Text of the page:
The struggling computer maker hopes to rebuild in the age of the smartphone
Dell announced on Tuesday that it would go private in a $24 billion deal, the company's most drastic step yet to maintain relevance in a tech market increasingly dominated by smartphones and tablets. The deal was orchestrated by a group of investors — including founder Michael Dell, private-equity fund Silver Lake, and software giant Microsoft — and was facilitated by loans from a handful of big banks.
The point of taking Dell private is to create some elbow room for Michael Dell to turn the company around without the intense scrutiny of shareholders. At the moment, the company's flagging PC business is still a top revenue generator, and Dell also runs a technology and services business for companies. The idea is to move away from PCs and focus on services, much the way IBM did to great success — the difference being that IBM did so years ago.
Plenty of skeptics are predicting a rough road ahead for Dell. As Ashlee Vance at Bloomberg writes:
While this strategy may be sound, it takes a long time to execute and certainly does not look revolutionary. Dell basically bought the IBM business plan and did some minor alterations. Michael Dell may be one of the wealthiest and most successful people this country has ever created, but such accomplishments must do little to soothe the ego as people ask again and again and again why the company has seemed so darn inept in areas like smartphones and tablets and…well, anything interesting. [Bloomberg]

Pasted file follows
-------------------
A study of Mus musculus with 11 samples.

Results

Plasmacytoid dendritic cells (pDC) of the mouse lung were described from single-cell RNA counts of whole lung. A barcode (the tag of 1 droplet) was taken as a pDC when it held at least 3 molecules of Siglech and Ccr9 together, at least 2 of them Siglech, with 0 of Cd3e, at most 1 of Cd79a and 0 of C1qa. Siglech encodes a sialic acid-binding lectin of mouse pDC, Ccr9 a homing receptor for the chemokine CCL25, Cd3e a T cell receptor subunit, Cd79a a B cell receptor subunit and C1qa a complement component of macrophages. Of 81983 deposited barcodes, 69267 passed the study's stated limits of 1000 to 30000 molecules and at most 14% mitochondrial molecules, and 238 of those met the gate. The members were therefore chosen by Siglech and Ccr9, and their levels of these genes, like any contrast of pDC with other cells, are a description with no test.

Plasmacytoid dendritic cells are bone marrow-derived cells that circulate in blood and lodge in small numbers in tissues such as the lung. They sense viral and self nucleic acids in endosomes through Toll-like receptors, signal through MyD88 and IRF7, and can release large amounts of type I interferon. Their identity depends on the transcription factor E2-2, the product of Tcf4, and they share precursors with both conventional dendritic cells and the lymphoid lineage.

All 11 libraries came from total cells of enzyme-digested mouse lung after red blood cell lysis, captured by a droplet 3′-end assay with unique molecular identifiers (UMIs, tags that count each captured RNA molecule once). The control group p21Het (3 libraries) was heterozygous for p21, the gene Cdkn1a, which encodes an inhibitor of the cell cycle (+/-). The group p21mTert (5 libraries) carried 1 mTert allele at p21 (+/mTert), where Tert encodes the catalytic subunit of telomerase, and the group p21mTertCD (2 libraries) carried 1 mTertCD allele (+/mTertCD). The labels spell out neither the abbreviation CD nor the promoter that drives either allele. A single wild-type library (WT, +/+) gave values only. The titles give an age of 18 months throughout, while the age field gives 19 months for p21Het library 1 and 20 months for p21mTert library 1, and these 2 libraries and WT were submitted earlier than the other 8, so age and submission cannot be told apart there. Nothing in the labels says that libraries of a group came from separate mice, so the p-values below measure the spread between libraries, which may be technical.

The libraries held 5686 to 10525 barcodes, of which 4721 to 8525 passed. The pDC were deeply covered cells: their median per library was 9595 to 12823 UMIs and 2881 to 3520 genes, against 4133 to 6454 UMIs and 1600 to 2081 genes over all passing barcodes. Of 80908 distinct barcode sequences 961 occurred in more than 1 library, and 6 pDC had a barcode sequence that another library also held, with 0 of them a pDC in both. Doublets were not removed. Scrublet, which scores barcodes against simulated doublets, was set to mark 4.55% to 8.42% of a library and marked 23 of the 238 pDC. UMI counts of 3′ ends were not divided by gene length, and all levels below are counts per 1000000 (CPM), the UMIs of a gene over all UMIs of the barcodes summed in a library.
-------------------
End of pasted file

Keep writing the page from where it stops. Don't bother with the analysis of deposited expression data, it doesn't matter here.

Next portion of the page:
Indeed, Dell's inability to produce exciting products has been a real drag for the company. According to Kevin Roose at New York:
Dell is not an intrinsically interesting company — its PCs are cheap, unremarkable, and not the kind of thing you stand in line on release day to buy. It doesn't have enticing ads featuring Zooey Deschanel, and many of its customers are huge corporations. Articles about the company contain snooze-worthy sentences like: "Emphasizing data-center products and services has helped Dell stave off margin erosion." [New York]
Dell's harshest critic, however, was rival Hewlett-Packard, which said it would be more than happy to pick up customers who will allegedly be left by the wayside as Dell tries to effect a turnaround:
Dell has a very tough road ahead. The company faces an extended period of uncertainty and transition that will not be good for its customers. And with a significant debt load, Dell's ability to invest in new products and services will be extremely limited. Leveraged buyouts tend to leave existing customers and innovation at the curb. We believe Dell's customers will now be eager to explore alternatives, and HP plans to take full advantage of that opportunity. [Business Insider]
Burn. Though, in all fairness, it should be noted that H-P is suffering from the same problems and is hardly a model of financial coherence at the moment.
Two related items: The deal to take Dell private is the largest leveraged buyout since 2007, which some analysts are already trumpeting as evidence that the market has finally revived its appetite for the type of massive takeovers that occurred with regularity before the Great Recession. Others aren't so sure. "This deal, for example, was aided by the investment by Microsoft," says The Wall Street Journal, "help not every buyout firm can regularly tap." Microsoft's investment is the other interesting factor. Analysts say the software giant is concerned that trouble for Dell could lead to reduced sales of Microsoft's Windows operating system. Microsoft's future role at Dell remains unclear, though some are speculating that it could guide Dell toward new, interesting Windows-loaded products.